How To Teach A Dog To Skateboard


If you’ve seen this skateboarding dog in action, you’ll know that it’s not simply a case of someone rolling a skateboard and then plonking an obedient dog on top of it. These dogs can actually skate, and they seem to love it.

So, how can you teach your dog to follow in their paw steps and become a viral sensation?

How Do you Teach your Dog to Skateboard?

Teaching your dog to skateboard requires a lot of patience and persistence. Whether you succeed or not will also depend on your dog’s nature. If they’re not very obedient, can’t stand/sit still for a moment, and treat every object as a chew toy, it’s not going to be easy.

Still, that doesn’t mean it’ll be impossible. Just follow these steps.

Find the Right Skateboard

Look for a wide skateboard that accommodates your dog’s stance. It should be at least an inch wider than their usual stance.

Show the Board Wheels-up

Bring the skateboard into your home and place it in a carpeted area with the grip tape facing down.

Let your dog sniff and inspect the skateboard to get used to it. If it doesn’t show an interest, encourage it to do so by introducing dog food and treats.

Once it is comfortable with the skateboard, start spinning the wheels to see how it reacts. Don’t overstimulate it—a single spin followed by an observation every 30 minutes or so should suffice.

Some dogs are uncomfortable with new objects and others will try to attack them, so this may take some time.

Start Rolling the Board

As soon as your dog is comfortable with the skateboard, turn it wheel side down, and start rolling it around.

Ideally, the skateboard should remain in a carpeted area so that it doesn’t roll around when your dog places its paws on it.

Keep praising the dog every time it interacts and expresses interest and then place the skateboard on a solid surface.

Gradually increase the rolls until your dog gets comfortable with a moving skateboard.

Encourage Your Dog to Get on the Board

Place your foot on the skateboard and encourage your dog to start stepping onto it. One or two paws are fine to begin with. You should reward your dog every time it places its paws on the skateboard.

Start Moving The Board With Your Dog on it

Encourage your dog to place all four paws on the skateboard and then start moving the skateboard with them on top.

If they don’t willingly climb on the skateboard, just wait until they have their front paws on and then place their back paws on the skateboard.

Alternatively, you can pick them up and place them on the skateboard.

Many dogs will react by jumping off, and this is fine. As well as you have followed the steps above, your dog should keep jumping on the skateboard and if you keep making those gradual movements, it will get comfortable eventually.

At this point, it’s important to only reward your dog some of the times they step on the skateboard. You don’t want to be in a position where you have to give them treats/food every time they touch it, so gradually reduce those treats.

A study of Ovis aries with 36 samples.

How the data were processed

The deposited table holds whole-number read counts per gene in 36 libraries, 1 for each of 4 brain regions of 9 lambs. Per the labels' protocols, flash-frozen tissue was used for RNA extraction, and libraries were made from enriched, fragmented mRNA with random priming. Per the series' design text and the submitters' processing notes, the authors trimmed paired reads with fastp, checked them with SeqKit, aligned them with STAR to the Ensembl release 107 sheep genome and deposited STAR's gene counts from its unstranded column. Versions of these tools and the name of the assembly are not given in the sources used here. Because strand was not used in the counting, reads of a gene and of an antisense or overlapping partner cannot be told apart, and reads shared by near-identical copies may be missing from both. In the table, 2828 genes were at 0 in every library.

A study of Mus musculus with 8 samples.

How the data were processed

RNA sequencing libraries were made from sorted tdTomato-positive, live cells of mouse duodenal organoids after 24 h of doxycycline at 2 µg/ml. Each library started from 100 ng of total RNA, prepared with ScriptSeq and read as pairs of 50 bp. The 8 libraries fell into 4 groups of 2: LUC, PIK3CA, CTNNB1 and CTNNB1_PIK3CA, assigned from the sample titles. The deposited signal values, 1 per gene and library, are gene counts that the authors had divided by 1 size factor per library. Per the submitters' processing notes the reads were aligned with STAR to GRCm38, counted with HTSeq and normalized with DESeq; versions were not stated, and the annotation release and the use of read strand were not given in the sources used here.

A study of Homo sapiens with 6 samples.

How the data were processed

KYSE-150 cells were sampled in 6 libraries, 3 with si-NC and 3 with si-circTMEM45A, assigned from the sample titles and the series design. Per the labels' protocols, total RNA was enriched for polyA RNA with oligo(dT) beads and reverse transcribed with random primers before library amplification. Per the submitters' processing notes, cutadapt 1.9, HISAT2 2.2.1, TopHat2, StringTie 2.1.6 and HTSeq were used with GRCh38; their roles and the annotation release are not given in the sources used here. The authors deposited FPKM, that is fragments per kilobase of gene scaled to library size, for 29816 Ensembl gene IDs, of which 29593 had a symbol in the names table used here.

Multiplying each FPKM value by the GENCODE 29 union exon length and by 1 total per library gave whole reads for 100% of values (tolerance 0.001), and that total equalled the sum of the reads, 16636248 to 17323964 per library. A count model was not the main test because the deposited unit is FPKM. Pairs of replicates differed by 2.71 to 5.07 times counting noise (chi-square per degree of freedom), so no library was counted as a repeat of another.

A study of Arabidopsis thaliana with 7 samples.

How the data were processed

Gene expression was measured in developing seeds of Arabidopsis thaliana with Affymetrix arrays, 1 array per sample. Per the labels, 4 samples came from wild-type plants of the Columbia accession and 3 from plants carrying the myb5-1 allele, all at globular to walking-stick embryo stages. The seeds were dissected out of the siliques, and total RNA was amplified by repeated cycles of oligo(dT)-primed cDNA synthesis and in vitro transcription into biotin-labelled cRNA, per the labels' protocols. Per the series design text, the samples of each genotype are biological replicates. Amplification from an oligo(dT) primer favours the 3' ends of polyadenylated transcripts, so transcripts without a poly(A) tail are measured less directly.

Encourage Your Dog to Mount the Board

Start tapping the skateboard and commanding your dog to jump on it.

Placing a treat in front of the skateboard and push your dog forward so that it can reach over and grab the treat.

Eventually, you can place the treat down and then back away, waiting for your dog to push itself forward to collect the treat.

Let Them Enjoy The Board!

Skateboarding must become a habit for your dog to persist. They will develop the muscle memory needed to learn and when they do, they should be given regular access to a skateboard.

Many dogs become attached to their skateboards at this point, treating them like a favorite toy.

If your dog just barks at the skateboard or treats it like a chew toy, you just need to persist.

What Breeds of Dogs Can Skateboard?

The most famous skateboarding dogs are bulldogs, including the best dog skater of them all (see below). But many breeds can learn how to skateboard.

There are only a few exceptions to this rule. For instance, some dogs have very short legs and simply can’t reach the ground.

It’s often said that Welsh Corgis have this issue, but SirBunnyBottom, a skateboarding Welsh Corgi, would beg to differ.

Can A Dog Really Ride a Skateboard?

Yes! It sounds like a bizarre statement, but if you have seen the videos, you’ll know that it’s possible.

A trained dog will happily jump on the skateboard by itself and then use its paws to push itself along.

Who Are the Most Famous Skateboarding Dogs?

As noted at the outset of this article, one of the most famous skateboarding dogs was a bulldog named Tillman. He appeared in the Guinness Book of World Records as the Fastest Skateboarding Dog and also learned how to surf and skimboard.

Just take a look at this dog’s moves!

Unfortunately, that world record came in 2009, and as you might have guessed, Tillman is no longer with us. There are many videos of his skateboarding/skimboarding exploits online though, and if you’re trying to teach your dog to skateboard, we recommend checking them out.

There’s also a bulldog named Chowder who is obsessed with his skateboard and knows how to use it, and a dog named “Jumpy” who broke Tillman’s record in 2013. Otto is another record-breaking bulldog. Otto is from Lima, Peru, and was able to skate through the legs of 30 people in 2015.

Other pups that can skateboard include Bamboo, Odin, Schnitzel von Krum, and Sky.

Not all of these canines are bulldogs, proving that many other breeds can also learn some cool skateboard moves.